Last season, when Newcastle United qualified for the Champions League, Brazilian midfielder Joelinton played 32 league games, missing just six.

Hollywood might call his turnaround on Tyneside too idealistic. The 27-year-old, who signed a new contract on Thursday, joined in 2019 as a striker, costing £40m from Hoffenheim; a club record fee at the time. While plenty of what happened in his first two seasons at St James’ Park was not his fault; such as the exit of Rafael Benitez and subsequent firing of Steve Bruce, and the team’s inability to play to his strengths, he became a rather unfortunate embodiment of the misery under owner Mike Ashley. Everything about his move started to look ill-thought out; yet, his attitude and effort never wavered once, and for that reason he kept most of the fans onside even if they bemoaned his performances.

When the Saudi Arabian-backed takeover of the club lifted the dark clouds in October 2021, Joelinton’s luck began to change. Eddie Howe replaced Bruce and, while one rather unexpected development some weeks later would change everything, he started well instantly, playing in a more suitable position on the left of a front three and generally looking like the world had been lifted from his shoulders. All things considered, it wasn’t a surprise; after initially missing out on the job to Unai Emery, who later turned it down, Howe was appointed on the strength of his interview, which included detailed appraisals of the squad he would inherit. Joelinton’s name featured prominently.

Against Norwich in what looked like a relegation six-pointer the following December, with Newcastle down to 10 men after a Ciaran Clark red card, Joelinton moved back into midfield. His performance was so good, playing to his strengths – physicality, energy and power – that he unwittingly found his calling. From that moment, he went from having an uncertain future at the club with the richest owners in world football, to becoming a vital cog in a very efficient machine. Now it is hard to imagine Newcastle without Joelinton.

Well, actually, it isn’t. Last season, with Joelinton a near ever-present, Newcastle finished fourth in the Premier League with a brand of football with which they became synonymous, centring on high, aggressive pressing, powerful transitions and physically upsetting the opposition. Everything Joelinton offers.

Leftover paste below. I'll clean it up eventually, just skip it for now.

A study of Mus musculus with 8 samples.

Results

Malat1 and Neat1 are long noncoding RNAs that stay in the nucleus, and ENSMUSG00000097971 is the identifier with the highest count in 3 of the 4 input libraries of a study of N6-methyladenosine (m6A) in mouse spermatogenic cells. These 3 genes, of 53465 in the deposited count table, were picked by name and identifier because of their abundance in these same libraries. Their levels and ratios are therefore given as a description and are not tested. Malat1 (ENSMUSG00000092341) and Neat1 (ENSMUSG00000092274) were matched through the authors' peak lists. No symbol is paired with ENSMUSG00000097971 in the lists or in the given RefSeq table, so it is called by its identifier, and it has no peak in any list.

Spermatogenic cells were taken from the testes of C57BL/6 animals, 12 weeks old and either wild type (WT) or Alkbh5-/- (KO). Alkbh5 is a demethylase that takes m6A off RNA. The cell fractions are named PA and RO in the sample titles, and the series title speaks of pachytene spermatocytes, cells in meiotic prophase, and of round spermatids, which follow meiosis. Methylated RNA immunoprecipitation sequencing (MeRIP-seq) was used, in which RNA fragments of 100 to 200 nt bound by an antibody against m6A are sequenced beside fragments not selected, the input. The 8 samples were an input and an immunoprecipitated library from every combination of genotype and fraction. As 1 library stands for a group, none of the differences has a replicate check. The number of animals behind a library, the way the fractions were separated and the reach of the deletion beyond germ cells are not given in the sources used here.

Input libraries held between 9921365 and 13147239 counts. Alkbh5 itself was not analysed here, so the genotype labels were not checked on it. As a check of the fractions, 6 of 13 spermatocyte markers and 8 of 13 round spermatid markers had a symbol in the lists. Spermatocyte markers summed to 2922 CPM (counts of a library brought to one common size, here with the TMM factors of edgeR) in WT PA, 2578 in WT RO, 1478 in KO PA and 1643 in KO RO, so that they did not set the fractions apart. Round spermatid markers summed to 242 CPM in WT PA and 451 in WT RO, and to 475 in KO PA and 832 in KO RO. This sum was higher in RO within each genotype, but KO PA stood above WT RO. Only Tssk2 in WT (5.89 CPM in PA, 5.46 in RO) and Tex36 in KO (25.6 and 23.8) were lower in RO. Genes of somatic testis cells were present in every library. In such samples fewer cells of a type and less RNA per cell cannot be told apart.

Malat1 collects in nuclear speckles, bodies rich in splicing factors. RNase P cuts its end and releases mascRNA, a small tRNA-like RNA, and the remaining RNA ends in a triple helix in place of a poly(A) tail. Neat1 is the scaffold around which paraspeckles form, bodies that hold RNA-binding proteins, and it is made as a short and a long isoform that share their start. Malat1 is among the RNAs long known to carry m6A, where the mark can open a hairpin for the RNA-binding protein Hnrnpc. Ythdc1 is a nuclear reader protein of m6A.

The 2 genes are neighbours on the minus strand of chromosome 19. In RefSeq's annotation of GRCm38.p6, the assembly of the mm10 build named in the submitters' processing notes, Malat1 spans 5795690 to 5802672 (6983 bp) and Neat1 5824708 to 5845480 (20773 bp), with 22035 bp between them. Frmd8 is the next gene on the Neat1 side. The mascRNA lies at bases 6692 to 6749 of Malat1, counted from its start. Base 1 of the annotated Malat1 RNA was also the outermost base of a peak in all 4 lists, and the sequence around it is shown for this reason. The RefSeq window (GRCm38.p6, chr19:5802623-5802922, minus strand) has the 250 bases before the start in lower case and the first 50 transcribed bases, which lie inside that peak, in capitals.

This season, he’s been one of many hampered by injury troubles, playing just 16 league games. He’s been out since January with a calf problem and isn’t expected back until May at the earliest. To make matters worse, Joe Willock, his partner in crime when it came to setting a frenetic pace in midfield last season, was out for months before that, and hasn’t looked fully fit since he came back into the team. Newcastle rode the crest of a wave last season, spurred on by almost unlimited momentum. It is as if they’ve had to pay that price this year, and missing both Joelinton and Willock has been a huge factor in them battling to avoid mid table mediocrity and sneak into a lesser European competition.

That said, the fact they are still very much in the hunt, despite an absentee list that has pretty much included everybody in the squad at one stage, is a true testament to the foundations Howe has put in place.

For a while, it looked like he may depart the club. There was an impasse over a new contract, and in January, Howe admitted he didn’t know what the future held.

“I’m not a fortune-teller and I certainly hope that is not the case. There is a possibility that could be the case, but I don’t know,” he said.

Joelinton wanted to be among the club’s top earners, and rightly so. He has become a vital member of the squad, and losing him would have only caused another headache for a club who are trying to play by the Profit and Sustainability rules. This is the right decision for everyone involved.

“I love playing for the club. I love the club, I love the fans,” Joelinton said. “We had a lot of discussions and I always wanted to be here. I’m glad to continue and I hope to have success in the years to come.”

There aren’t many more important players at Newcastle, and as they approach a crossroads in their drive to grow and improve, Joelinton’s commitment is an immense positive. Having been viewed as a flop a few years ago, few are more deserving of this recognition.